With tentative diplomatic talks between President Donald Trump and North Korean Supreme Leader Kim Jong Un expected to take place in the coming months, many in the United States have voice concerns that Kim has no intention on following through with denuclearization, regardless of what South Korean officials may claim he’s said. There is, of course, good reason for that skepticism, as North Korea has not only set a historical precedent for not following through on promises to end their nuclear pursuits, they’ve also made a habit of grandiose lying on the geopolitical stage.

Even officials from other Pacific nations have voiced their concerns about North Korea’s history of misleading guarantees and broken promises when it comes to their nuclear weapons programs.

While talking about nuclear abandonment several times, it turned out that North Korea didn’t halt its nuclear development in the past,” Japanese Defense Minister Itsunori Onodera said recently. “We need to carefully assess if this North and South dialogue will really lead to the abandonment of nuclear and missile development.”

If the statements that come out of Kim Jong Un’s North Korean regime can’t be trusted, perhaps actions can be, however. According to satellite imagery taken in mid-March, it would appear that the tunnel excavation effort underway at beneath North Korea’s Punggye-ri Nuclear Test Site has declined dramatically, as has the amount of personnel seemingly working there.

Following the successful test of what is believed to be North Korea’s first ever dual stage nuclear weapon, or a hydrogen bomb, last September, concerns rose about the stability of the mountain Punggye-ri resides under. Those concerns seemed to have been founded, as soon thereafter a series of tunnel collapses near the site’s north portal were believed to have claimed the lives of as many as 200 people, many of whom were there attempting to dig the first victims out of the rubble.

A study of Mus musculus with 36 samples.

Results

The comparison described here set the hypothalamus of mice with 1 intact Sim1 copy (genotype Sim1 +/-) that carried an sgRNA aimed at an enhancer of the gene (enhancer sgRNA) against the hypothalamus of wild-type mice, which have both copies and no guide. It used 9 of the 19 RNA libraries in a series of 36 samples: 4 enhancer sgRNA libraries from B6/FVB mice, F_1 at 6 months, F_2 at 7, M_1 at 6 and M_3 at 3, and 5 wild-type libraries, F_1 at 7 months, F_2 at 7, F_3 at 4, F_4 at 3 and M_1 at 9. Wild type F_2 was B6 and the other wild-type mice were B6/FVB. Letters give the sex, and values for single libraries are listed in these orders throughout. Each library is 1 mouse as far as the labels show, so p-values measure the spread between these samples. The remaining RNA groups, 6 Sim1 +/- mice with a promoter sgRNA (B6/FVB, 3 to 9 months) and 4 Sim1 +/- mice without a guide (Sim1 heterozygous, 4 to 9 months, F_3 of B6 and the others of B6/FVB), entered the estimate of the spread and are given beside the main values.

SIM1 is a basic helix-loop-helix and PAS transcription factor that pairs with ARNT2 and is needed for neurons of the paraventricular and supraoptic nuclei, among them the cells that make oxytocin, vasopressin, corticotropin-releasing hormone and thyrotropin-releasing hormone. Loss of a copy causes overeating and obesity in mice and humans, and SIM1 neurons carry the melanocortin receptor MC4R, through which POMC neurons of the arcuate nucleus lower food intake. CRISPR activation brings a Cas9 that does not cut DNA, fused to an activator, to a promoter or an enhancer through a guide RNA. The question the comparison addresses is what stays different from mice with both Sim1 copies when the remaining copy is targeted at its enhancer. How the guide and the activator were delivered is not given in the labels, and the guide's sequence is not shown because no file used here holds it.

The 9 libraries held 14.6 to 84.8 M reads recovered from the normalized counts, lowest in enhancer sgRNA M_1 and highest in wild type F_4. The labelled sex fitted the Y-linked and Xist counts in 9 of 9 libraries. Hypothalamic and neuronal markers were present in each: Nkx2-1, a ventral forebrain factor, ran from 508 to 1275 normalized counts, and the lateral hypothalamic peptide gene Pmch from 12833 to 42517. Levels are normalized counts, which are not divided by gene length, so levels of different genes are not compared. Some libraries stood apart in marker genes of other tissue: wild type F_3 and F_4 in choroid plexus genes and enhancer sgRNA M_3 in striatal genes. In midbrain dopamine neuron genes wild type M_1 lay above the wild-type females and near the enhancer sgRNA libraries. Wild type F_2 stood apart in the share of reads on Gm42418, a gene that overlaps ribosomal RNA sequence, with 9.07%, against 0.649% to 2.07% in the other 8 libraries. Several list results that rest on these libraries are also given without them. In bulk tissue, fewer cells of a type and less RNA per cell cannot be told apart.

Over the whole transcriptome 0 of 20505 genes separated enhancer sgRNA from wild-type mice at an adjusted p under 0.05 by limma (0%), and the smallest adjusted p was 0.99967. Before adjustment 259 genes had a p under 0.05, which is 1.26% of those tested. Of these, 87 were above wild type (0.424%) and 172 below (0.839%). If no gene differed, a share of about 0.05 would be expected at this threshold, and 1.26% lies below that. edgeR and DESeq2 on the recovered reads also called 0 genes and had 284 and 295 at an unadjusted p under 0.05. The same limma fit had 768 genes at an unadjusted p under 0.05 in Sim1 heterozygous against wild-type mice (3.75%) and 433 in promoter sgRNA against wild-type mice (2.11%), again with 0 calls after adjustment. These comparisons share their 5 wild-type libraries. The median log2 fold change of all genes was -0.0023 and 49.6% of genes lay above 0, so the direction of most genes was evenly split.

Since then, excavations have been ongoing in the complex’s west portal, where it appeared the regime was working to develop a new testing area following the damage to the northern portion of the test site. Progress continued at this new area, with support staff clearly operating within the site’s command center and large piles of soil appearing as the area was excavated. However, since March 2nd, the number of people working at the site has dropped off significantly and no further progresses appears to have been made on the west portal of the tunnel complex, begging the question: has North Korea stopped working on establishing a test site for further nuclear detonations?

It’s possible that concerns about the site’s structural stability may have forced Kim’s regime to give up on the test site altogether, forcing the regime to halt progress on the new tunnels in favor of a new complex to be developed elsewhere within the nation. It is, however, also possible that the effort to develop a new testing complex may simply be too expensive to pursue in the nation’s current economic climate, stifled by international sanctions as it is.

Finally, there remains the possibility that Kim Jong Un may have ordered a temporary halt to the nuclear testing endeavor as a show of good faith. That would be in keeping with statements related to the United States by South Korea’s president Moon Jae In.